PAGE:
Mississauga Matters election debate cancelled after federal candidates decline to take part
Photos by Mansoor Tanweer/Daniel Calabretta/Isaac Callan

Mississauga Matters election debate cancelled after federal candidates decline to take part

A debate planned by the City of Mississauga has been cancelled with little fanfare after federal candidates running in the city’s six ridings did not make the time to take part. The debate, originally scheduled for tonight (Sept. 23), was billed as “Mississauga Matters” and intended to allow residents to ask local candidates what they would do at the federal level to advocate for Mississauga. 

A debate under the same name was held in May 2018 ahead of the provincial election, where Green, Liberal, NDP and Progressive Conservative candidates squared off on topics related to bettering the city. 

Iqra Khalid Liberal incumbent for Mississauga–Erin Mills

Tom Varughese, Conservative candidate for Mississauga–Malton

A city spokesperson confirmed to The Pointer that the event had been cancelled due to a lack of federal hopefuls willing or able to debate. A short statement said “the city was unable to confirm candidates and cancelled the event,” adding that all parties had “indicated interest,” but had not been able to “confirm candidates with enough advance notice.” Despite the low-key response, the cancellation of this debate can only come as a blow to Mayor Bonnie Crombie, who has stressed the importance of advocating for Mississauga at the federal level in the run-up to the election. 

The mayor’s office admitted to The Pointer that Crombie was “disappointed” not to be hosting the debate. However, they said, debates hosted by local groups would shine some light on issues, while an online campaign is also keeping Mississauga issues at the top of the agenda. 

Navdeep Bains, Liberal incumbent for Mississauga–Malton

Liberal incumbent Sven Spengemann, Mississauga–Lakeshore

They added: “We are running a robust digital campaign to ensure both our residents and candidates are informed and engaged about our top priorities — infrastructure, public transit and affordable housing. In addition to the resources available online, we will be rolling out an aggressive social media campaign. We have also issued a questionnaire to party leaders with several questions about how they would work with Mississauga, should their party form government on October 21.”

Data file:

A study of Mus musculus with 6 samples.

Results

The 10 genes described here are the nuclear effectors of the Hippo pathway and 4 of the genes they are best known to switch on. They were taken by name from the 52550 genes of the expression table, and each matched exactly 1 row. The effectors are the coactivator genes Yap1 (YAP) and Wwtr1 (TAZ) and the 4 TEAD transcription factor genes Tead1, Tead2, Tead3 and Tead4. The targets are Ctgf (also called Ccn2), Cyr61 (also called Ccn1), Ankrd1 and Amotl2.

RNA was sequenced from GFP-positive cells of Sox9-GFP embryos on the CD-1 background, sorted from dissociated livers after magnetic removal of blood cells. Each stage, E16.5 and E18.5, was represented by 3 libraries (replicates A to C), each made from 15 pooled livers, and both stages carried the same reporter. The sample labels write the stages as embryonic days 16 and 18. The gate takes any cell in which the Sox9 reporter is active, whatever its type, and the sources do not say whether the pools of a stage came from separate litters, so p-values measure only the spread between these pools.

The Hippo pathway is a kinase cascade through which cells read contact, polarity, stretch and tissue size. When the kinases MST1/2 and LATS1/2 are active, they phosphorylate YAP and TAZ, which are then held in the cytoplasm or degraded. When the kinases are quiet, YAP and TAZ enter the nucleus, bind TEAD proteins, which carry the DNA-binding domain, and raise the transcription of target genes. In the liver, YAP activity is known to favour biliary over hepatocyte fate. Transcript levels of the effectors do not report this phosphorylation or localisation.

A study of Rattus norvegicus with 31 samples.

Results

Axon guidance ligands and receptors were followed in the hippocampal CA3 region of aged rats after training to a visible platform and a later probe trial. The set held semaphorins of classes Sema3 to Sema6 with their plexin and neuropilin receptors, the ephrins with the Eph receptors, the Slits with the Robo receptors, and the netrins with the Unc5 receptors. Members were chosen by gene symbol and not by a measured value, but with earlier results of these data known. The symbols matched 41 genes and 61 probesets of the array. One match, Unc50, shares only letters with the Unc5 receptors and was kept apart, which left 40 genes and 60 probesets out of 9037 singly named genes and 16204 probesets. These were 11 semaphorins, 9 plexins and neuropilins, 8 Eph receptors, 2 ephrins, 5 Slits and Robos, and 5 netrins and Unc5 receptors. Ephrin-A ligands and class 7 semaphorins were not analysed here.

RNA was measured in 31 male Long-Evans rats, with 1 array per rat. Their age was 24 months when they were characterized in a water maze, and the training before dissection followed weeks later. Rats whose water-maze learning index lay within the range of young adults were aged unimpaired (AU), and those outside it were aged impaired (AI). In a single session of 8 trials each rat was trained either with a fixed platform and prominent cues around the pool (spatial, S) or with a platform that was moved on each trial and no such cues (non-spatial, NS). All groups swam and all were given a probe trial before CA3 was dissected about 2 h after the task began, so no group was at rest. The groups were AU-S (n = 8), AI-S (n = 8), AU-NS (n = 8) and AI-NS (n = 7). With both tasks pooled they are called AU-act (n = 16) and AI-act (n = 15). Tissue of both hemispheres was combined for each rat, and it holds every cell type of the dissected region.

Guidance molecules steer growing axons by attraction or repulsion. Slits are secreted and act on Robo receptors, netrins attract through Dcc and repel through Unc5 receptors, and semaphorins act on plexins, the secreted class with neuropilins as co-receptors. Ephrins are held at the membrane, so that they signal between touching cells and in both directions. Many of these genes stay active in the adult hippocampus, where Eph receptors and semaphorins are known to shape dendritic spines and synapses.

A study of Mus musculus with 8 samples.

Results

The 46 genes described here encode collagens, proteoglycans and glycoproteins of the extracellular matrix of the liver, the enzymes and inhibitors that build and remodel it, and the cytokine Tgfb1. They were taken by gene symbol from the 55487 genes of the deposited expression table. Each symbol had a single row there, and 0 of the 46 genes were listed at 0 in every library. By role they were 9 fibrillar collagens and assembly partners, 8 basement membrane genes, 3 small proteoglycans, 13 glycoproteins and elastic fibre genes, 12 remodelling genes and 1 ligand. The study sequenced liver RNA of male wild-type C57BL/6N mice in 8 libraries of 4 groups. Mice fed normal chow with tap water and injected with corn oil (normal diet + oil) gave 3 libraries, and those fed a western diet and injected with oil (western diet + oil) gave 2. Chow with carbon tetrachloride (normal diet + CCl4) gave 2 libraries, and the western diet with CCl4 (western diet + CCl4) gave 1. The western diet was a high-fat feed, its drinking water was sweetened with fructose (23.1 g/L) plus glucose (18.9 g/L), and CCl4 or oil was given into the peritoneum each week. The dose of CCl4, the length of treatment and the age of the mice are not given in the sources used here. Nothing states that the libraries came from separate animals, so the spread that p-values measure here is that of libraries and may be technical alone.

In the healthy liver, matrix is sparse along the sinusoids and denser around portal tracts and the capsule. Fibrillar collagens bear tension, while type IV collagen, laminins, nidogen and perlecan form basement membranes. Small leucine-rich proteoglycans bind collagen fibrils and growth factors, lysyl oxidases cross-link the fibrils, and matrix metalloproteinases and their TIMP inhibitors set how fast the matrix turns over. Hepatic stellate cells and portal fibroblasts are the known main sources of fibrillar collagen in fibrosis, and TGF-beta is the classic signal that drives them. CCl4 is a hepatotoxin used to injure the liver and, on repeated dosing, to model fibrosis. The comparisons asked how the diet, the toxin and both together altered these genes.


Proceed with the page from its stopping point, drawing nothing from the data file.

So far, several local groups have promised to hold events. On Sept. 24, the Lisgard Ratepayers Association will hold a debate for the Mississauga–Streetsville riding at St. Simon Stock Elementary School, with Gagan Sikand (Liberal), Ghada Melek (Conservative) and Chris Hill (Green) confirmed as attending. On Oct. 8, Port Credit will host a debate for candidates in the Mississauga–Lakeshore riding at Clarke Memorial Hall. The riding will be well scrutinized, with another event on Oct. 10 organized by ratepayer groups in southwest Mississauga, whose debate will also feature candidates from Mississauga–Lakeshore. 

Though local debates are a welcome nod to grassroots politics, the absence of the Mississauga Matters event may be felt. Visits from Justin Trudeau and Andrew Scheer to the city during the campaign have shown its strategic importance in winning the upcoming election. A debate organized to hear exclusively about local issues instead of discussion of tax credits and the like could have been a welcome addition to the electoral discourse. 

The disinterest of candidates in taking part in the city-wide Mississauga Matters debate is in keeping with a pattern developing in this election. Though some candidates have been available and willing to do press opportunities, many have avoided media scrutiny. Early in the campaign Liberal Leader Trudeau went two days without taking questions from media, while Conservative Leader Scheer refused to answer questions last week in a visit to neighbouring Brampton. Though Gagan Sikand (Mississauga–Streetsville) and Sven Spengemann (Mississauga–Lakeshore) have offered The Pointer interviews at their events, other Liberal candidates have not made themselves available to talk about their priorities. Arpan Khanna, in Brampton North, has taken the time to share his plans, though other Conservative candidates have been unresponsive. Tom Varughese (Mississauga–Malton) offered to answer questions from The Pointer by email, but chose not to allow us to come canvassing with him. 

Liberal incumbent Gagan Sikand, Mississauga–Streetsville

Mississauga–Streetsville Conservative candidate Ghada Melek

With most candidate Twitter feeds offering a carbon copy of national policy announcements from the top, Mississauga residents don’t have a lot of local input to consider when it comes to truly knowing the individual they’ll vote for. 

With the debate off, Crombie and her team are pushing residents to ask specific local questions of the candidates who knock on their doors. In particular, they suggest asking about infrastructure funding, affordable housing and GO Transit connections. 

An open letter from the mayor shared on the city’s website points to the low return on tax dollars paid by Mississauga residents. Pointing to the truth that low federal funding means higher property taxes or significant cuts to local services, the letter says that “to continue to grow and prosper, Mississauga needs a committed federal partner to help us build healthy, sustainable communities.” 

With Mississauga citizens heading to the polls in less than a month, the city is desperate to see residents educated about how their choice of a federal government affects day to day life in  their city. While national policies around childcare, tax breaks and other issues will appeal to individuals differently, Combie and her team want to see Mississauga’s municipal priorities rise to the top of voters’ minds.